Agatha Christies


mit Katharina Stemberger
4. Nov – 21. Dec 2013

Agatha Christie

Agatha Mary Clarissa Miller was born on 15 September 1890 in Torquay, Devon, South West England to an English mother and American father. Agatha loved to read English poetry and began writing poems when she was still a child. Her education was a combination of being tutored at home (mainly by her parents) and then being sent to teaching establishments in Paris and along the way she became an extremely accomplished opera singer and pianist.

In 1912 Agatha met Archie Christie, a qualified aviator who had applied to join the Royal Flying Corps; they soon married. It was war time and Agatha became a nurse at the Red Cross Hospital in Torquay. When the Hospital opened a dispensary, she accepted an offer to work there and completed the examination of the Society of Apothecaries. Thus began her lifelong interest in the use of poisons and made a huge contribution to her first novel The Mysterious Affair at Styles. The murderer’s use of poison was so well described that Agatha received an unprecedented honour for a writer of fiction – a review in the Pharmaceutical Journal.

During the First World War there were Belgian refugees in most parts of the English countryside, Torquay being no exception. Although he was not based on any particular person, Agatha thought that a Belgian refugee, a former great Belgian policeman, would make an excellent detective for The Mysterious Affair at Styles. Hercule Poirot was born.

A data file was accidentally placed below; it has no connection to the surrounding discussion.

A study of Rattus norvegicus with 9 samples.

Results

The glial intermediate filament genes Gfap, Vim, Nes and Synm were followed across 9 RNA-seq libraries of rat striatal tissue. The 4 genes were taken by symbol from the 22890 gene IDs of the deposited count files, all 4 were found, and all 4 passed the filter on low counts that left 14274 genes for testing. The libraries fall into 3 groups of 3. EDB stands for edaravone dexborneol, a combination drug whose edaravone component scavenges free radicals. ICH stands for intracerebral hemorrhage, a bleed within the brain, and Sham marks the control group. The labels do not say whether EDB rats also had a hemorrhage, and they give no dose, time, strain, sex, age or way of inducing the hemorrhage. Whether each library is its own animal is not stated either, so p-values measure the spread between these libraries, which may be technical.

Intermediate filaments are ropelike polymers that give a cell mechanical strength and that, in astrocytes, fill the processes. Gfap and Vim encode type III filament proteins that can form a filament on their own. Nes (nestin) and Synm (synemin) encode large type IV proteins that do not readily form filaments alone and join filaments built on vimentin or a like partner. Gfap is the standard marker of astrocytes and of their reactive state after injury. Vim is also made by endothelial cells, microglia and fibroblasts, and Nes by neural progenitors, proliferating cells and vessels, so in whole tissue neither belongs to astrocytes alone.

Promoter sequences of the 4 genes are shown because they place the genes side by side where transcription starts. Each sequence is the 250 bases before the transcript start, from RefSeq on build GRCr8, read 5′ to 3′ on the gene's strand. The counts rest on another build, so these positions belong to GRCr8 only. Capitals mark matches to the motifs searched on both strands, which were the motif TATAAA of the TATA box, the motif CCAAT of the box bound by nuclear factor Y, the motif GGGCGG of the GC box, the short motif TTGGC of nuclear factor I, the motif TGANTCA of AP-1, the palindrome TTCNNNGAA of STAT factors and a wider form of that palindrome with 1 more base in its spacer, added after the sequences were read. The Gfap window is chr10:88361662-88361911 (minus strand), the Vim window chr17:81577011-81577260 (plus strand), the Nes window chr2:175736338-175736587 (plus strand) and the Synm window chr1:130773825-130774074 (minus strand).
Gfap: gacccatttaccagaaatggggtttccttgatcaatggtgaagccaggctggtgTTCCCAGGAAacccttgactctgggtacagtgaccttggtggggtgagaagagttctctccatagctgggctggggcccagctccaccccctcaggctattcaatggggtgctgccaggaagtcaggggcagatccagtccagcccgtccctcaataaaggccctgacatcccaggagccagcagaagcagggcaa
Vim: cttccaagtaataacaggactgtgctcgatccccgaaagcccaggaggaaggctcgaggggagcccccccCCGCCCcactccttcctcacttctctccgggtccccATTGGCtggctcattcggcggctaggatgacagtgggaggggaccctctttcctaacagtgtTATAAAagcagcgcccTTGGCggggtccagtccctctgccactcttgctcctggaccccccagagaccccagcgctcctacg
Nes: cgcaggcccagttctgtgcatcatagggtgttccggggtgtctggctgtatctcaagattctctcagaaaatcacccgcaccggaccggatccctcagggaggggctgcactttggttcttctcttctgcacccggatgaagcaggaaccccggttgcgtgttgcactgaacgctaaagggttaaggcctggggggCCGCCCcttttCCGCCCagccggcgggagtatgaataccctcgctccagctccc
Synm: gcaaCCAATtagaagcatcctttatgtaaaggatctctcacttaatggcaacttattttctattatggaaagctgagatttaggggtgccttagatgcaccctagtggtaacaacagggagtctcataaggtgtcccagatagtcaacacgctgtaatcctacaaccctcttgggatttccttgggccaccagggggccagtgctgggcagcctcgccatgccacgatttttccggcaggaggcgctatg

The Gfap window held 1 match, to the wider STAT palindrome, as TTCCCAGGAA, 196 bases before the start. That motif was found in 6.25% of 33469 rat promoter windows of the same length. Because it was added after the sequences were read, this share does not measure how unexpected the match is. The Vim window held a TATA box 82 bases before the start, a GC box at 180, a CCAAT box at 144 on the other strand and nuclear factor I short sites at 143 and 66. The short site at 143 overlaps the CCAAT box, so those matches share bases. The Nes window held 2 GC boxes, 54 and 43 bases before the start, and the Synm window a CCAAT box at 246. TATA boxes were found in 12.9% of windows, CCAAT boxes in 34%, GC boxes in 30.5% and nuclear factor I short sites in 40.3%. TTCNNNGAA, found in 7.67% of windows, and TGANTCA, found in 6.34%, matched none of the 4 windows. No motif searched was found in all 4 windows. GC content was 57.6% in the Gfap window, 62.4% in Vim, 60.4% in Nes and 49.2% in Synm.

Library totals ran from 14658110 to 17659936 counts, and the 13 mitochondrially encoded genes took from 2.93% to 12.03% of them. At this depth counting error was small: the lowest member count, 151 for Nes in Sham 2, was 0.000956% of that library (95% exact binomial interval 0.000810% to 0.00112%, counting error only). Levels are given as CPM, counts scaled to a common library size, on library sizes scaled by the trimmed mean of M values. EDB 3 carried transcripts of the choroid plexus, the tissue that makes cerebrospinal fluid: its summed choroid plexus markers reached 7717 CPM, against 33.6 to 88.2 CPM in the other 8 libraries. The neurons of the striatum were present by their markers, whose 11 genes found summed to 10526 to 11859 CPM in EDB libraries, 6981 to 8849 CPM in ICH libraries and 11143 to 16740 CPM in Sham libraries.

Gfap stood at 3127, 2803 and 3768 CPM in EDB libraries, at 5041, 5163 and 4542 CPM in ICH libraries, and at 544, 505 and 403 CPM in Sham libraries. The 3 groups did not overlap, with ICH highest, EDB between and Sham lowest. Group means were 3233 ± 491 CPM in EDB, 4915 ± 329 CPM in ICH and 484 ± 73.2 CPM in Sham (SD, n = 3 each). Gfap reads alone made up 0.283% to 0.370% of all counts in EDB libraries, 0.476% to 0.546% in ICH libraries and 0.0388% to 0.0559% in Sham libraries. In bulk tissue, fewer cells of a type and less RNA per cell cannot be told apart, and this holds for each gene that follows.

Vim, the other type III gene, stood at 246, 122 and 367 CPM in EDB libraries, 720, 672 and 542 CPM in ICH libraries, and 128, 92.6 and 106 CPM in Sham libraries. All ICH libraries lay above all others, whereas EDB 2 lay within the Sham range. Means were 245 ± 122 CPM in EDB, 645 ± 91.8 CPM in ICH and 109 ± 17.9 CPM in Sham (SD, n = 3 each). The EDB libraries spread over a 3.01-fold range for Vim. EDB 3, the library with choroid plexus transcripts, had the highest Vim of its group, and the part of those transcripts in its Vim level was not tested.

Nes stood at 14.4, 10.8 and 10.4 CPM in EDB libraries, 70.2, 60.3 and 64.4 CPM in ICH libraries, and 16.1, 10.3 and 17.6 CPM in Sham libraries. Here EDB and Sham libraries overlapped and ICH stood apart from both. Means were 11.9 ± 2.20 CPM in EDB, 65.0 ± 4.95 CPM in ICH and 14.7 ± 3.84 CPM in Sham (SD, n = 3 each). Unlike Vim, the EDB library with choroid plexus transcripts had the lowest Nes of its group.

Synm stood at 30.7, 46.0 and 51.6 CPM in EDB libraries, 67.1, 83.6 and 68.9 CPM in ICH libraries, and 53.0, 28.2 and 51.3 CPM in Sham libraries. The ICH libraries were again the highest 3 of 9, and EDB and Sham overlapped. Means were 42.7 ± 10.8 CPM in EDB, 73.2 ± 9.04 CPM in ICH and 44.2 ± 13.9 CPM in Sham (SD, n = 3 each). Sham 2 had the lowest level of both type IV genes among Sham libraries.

1919 was a momentous year for Agatha. With the end of the war, Archie had found a job in the City and they had just enough to rent a flat in London. Later that year, on the 5th August, Agatha gave birth to their daughter, Rosalind. It was also the year that publisher, John Lane, contracted Agatha to produce five more books. She went on to be one of the first authors Penguin ever published in paperback, with fantastic results.

Following the war Agatha continued to write and to travel with Archie, though sadly they were later to divorce. Agatha married again, this time to Max Mallowan, the world famous archaeologist – a marriage that would last forty-six years.

By 1930, having written several novels and short stories, Agatha created a new character to act as detective. Miss Jane Marple was an amalgam of several old ladies Agatha used to meet in villages she visited as a child. When she created Miss Marple, Agatha did not expect her to become Poirot’s rival, but with The Murder at the Vicarage, Miss Marple’s first outing, it appeared she had produced another popular and enduring character.

One of Agatha’s lifelong ambitions had been to travel on the Orient Express; her first journey took place in 1928. The atmosphere of the Middle East was not lost on Agatha, as can be recognised in books such as Murder on the Orient Express, Death on the Nile, Murder in Mesopotamia, Appointment With Death and They Came to Baghdad as well as many short stories.

After a hugely successful career and a very happy life Agatha died peacefully on 12 January 1976.1

1 Additional biographies of Agatha Christie are available on A chronology of Christie’s life can be found in the appendices. Agatha Christie by Janet Morgan, published by HarperCollins and Agatha Christie: An English Mystery by Laura Thompson, published by Headline are the two official biographies.